All eyes will be on the size of the LTRO next week as the ECB releases unlimited funds to European banks in hopes of providing liquidity and easing government borrowing costs further.
The LTRO is credited with the recent market rally and often equated to the Federal Reserve's QE-2 program of 2010. As the charts below illustrates, the comparison seems to hold true for now.
S&P 500 Percentage Move:
right click to enlarge
S&P 500 Percentage Move:
The first Long Term Refinancing Operation (LTRO) took place on December 21, 2011 and the second will take place next week on February 29, 2012. Similar liquidity operations are carried by the ECB on a regular basis; however, those operations usually span three months. The LTROs are the first liquidity operations to span three years since the inception of the ECB.
Under the LTRO European banks who wish to participate can borrow an unlimited amount as long as they provide the eligible collateral against the loan. In the past, triple-A rated securities were the acceptable collateral, however, the restrictions on the most recent operations have been eased.
The first LTRO amounted to €489 billion and included 523 banks. Estimates for the upcoming operation have been all over the map and are in a range of about €300 billion to €1 trillion.
What Can We Expect?
It seems the larger the allotment the happier equity markets will be as more liquidity will push government bond yields lower and continue to emulate the QE-2 rally of 2010. This might be indeed the case; however, investors have to note the key differences between QE-2 and the LTRO.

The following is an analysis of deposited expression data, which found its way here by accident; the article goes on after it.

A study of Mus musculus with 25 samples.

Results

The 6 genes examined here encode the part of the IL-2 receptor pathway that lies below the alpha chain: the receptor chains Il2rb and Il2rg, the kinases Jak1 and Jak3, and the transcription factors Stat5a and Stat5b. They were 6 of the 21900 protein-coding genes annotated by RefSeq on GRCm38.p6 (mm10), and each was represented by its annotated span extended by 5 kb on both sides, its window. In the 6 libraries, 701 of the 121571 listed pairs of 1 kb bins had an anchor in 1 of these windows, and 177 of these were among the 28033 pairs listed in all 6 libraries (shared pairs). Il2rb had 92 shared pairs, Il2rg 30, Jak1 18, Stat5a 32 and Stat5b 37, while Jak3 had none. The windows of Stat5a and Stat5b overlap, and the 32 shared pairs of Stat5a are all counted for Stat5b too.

Firstly, QE-2 involved the Federal Reserve purchasing treasuries and mortgage backed securities directly, thereby pushing borrowing rates. On the other hand, the LTRO has a predetermined expiry date and is a sterilized program in the sense that participating banks must provide collateral to back the loan; it is therefore not the creation of new money.
Secondly, the LTRO simply replaces sources of capital that were open to European banks in the past, yet dried up as fear of nationalization (remember Dexia) and sovereign default were on the horizon. Again, the LTRO is not new money, but a substitution.
In addition, the first LTRO failed to ease borrowing costs for Portugal as it did for Spain and Italy, and although the large number of banks participating eliminated the negative stigma of using the LTRO, the stigma of owning Portuguese debt is alive and well.
Lastly, recent rumors indicate that ECB head Mario Draghi will make it clear that this operation is the last of its kind (time length wise). This rumor can be supported by pressure coming from the German Bundsbank which is extremely cautious on inflation instigating policies.